No less a person than Alexander Bortnikov, the head of the Federal Security Service (FSB), asked legislators to speed passage of the two bills. And they listened. The first reading of both bills was completed in record time and their adoption on second reading is imminent.
“If they take effect, these bills will drive one of the last nails into the coffin of Internet freedom in Russia,” said Johann Bihr, the head of RSF’s Eastern Europe and Central Asia desk.
“By seeking to perfect Russia’s mechanisms of digital censorship and surveillance, these bills trample on the freedoms guaranteed by the constitution and the European Convention on Human Rights. We call on the Duma to reject them on second reading.”
Filling the gaps in Internet censorship
The bill designed to fill the gaps in Russian Internet censorship by targeting the ways used to circumvent website blocking such as VPNs, proxy servers and the Tor network was passed unanimously on first reading on 23 June, two weeks after being submitted to the Duma.
If it becomes the law, the providers of this kind of software would be required to cooperate in the blocking of websites banned in Russia and, if they did not, their own websites would be rendered inaccessible. The same bill would also require search engines to remove all references to sites blocked in Russia.
Bringing instant messaging under control
If adopted, the operators of these messaging services would be required to cooperate with Russian mobile phone operators in identifying their users. They would also have to block certain messages at the Russian state’s request and would have to allow the authorities to circulate their own messages.
The messaging services that do not comply with the new requirements could be fined up to 1 million roubles (14,500 euros) under another bill that was passed on first reading on 7 July.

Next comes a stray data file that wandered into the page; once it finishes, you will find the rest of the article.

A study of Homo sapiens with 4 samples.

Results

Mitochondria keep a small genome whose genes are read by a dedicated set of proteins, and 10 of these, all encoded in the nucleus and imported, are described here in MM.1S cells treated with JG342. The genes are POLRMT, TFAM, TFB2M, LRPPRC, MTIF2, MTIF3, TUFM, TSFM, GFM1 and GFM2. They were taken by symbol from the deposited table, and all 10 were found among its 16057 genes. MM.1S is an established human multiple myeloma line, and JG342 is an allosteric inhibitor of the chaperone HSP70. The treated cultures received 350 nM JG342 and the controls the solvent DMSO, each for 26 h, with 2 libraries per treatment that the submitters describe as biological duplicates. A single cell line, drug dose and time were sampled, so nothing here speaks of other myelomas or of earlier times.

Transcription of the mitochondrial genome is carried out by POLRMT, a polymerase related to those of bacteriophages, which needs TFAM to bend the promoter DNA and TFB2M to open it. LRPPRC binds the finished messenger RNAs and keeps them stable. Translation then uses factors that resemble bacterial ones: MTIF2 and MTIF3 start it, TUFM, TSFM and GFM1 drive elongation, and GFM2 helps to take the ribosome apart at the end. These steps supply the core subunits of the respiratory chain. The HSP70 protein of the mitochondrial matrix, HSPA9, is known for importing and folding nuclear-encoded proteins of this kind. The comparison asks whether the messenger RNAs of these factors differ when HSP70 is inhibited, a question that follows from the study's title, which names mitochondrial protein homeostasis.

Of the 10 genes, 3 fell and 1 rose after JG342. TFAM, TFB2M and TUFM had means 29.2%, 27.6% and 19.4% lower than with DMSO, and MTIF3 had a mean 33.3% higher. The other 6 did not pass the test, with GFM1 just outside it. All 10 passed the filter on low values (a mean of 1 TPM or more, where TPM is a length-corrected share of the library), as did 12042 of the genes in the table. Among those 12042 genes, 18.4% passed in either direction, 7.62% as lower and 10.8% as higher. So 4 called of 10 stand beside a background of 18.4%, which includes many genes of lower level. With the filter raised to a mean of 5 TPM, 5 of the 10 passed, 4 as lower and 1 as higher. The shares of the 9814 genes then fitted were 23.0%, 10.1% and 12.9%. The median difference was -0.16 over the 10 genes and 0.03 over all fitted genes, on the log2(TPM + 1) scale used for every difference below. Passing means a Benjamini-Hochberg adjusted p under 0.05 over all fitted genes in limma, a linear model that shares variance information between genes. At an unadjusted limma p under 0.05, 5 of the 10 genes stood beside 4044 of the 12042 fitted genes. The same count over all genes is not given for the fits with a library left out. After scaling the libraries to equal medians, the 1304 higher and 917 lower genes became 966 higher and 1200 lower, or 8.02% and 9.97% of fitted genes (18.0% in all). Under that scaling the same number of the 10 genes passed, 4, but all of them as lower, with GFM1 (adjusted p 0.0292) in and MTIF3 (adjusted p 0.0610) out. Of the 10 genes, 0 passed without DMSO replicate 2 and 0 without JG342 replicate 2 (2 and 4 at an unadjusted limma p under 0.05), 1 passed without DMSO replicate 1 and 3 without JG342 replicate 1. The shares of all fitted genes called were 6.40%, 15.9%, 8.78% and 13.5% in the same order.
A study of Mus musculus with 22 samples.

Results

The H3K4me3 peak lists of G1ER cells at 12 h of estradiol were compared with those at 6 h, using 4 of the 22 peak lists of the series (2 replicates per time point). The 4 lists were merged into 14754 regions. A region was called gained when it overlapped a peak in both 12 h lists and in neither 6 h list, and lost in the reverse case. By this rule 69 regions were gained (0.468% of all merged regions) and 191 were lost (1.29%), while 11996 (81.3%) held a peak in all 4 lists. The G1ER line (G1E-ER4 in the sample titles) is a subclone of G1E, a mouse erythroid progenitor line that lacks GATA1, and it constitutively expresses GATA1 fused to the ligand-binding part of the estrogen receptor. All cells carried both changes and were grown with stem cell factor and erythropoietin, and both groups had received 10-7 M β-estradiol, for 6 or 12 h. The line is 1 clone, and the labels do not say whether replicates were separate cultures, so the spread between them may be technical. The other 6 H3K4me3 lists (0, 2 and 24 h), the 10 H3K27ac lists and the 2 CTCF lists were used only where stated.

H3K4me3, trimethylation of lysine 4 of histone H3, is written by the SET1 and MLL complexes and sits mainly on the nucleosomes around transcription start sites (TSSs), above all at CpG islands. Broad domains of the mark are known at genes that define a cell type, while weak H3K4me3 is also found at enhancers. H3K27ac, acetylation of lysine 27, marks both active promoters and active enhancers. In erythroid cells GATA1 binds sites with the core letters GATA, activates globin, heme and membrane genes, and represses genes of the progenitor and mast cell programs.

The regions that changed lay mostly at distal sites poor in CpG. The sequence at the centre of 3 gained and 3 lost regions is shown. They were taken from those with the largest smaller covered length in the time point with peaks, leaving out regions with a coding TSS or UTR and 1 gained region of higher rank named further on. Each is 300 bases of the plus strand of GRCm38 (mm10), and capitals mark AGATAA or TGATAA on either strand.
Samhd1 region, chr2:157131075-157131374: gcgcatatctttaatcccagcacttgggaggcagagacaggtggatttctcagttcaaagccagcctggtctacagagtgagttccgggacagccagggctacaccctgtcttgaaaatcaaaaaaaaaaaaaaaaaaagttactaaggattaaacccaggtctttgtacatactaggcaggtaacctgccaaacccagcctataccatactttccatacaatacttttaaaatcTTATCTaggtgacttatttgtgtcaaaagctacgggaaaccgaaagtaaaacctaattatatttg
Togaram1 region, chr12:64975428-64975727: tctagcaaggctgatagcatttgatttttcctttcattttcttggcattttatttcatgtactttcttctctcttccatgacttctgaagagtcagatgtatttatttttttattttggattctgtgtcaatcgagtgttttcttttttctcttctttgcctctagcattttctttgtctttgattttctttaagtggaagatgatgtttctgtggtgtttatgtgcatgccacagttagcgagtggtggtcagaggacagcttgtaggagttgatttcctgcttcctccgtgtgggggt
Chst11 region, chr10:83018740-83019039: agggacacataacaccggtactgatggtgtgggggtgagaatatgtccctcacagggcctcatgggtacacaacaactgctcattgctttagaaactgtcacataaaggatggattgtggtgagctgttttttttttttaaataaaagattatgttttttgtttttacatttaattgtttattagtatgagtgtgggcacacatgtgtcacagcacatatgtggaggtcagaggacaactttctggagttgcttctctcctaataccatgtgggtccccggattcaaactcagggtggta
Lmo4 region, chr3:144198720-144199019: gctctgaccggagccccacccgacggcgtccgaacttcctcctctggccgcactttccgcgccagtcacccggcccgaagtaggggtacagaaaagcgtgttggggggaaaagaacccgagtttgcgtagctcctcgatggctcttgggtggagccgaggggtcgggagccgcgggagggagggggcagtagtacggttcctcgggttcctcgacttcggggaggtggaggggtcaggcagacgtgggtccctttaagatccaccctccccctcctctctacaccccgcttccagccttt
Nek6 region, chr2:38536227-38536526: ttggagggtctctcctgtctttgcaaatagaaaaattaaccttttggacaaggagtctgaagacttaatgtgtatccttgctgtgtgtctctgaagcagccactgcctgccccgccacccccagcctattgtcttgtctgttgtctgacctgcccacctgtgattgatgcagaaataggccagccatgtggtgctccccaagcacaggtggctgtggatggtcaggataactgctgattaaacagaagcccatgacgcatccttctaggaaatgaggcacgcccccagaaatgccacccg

This is not the only pressure currently being put on messaging service operators. Last month’s threat by Roskomnadzor, the federal communications surveillance agency, to block Telegram in Russia led to a widely covered showdown between Telegram founder Pavel Durov and Roskomnadzor chief Alexander Zharov.
Durov continued to refuse to comply with a 2014 law under which “information distribution organizers” have to register in Russia, store all user connection data for six months and make it available for inspection by the Russian authorities on request. He finally agreed to register, but still insists that he will not share user data.
Five less widely used messaging services that had not registered – BlackBerry Messenger, Imo, Line, VChat and WeChat –were blocked in early May as a way of increasing the pressure on the more popular services, which for the time being continue to be spared.
Under the “Yarovaya Law” that was adopted last year, messaging services are in theory required to decrypt individual chats between users at the FSB’s request. But the requirement’s implementation could be postponed because of technical difficulties needing exorbitant outlays.
A few days ago, President Vladimir Putin signed a law that allows the communications ministry to order the blocking of mirror sites without referring to a judge. So far, this provision concerns only websites violating copyright, but it has nonetheless set a precedent in automating censorship.
These new laws have coincided with President Putin’s adoption in early May of the “2030 Strategy for Developing an Information Society”, which sets guidelines for a “patriotic” Internet in which anonymity is banned for the sake of the safety of its users.
The need to combat terrorism after the suicide bombing in Saint Petersburg in April is also being cited by the authorities as grounds for the pressure on the messaging services. But there is also the backdrop of opposition demonstrations that are drawing many young people and point to a failure of Internet TV propaganda.
Still very free just a few years ago, the Russian Internet has been reined in since the crackdown on the wave of big demonstrations against electoral fraud in 2011 and 2012. Digital companies are not the only targets. Comments or images posted on social networks and even reposts often now result in prison sentences. According to the NGO Agora, 29 jail terms were imposed on Internet users in 2016, twice as many as the year before.
These developments are slowing the development of Russia’s formerly dynamic and innovative digital sector, and are fuelling concern that Russian could fall far behind other countries in this area in the future.
Russia is ranked 148th out of 180 countries in RSF’s 2017 World Press Freedom Index.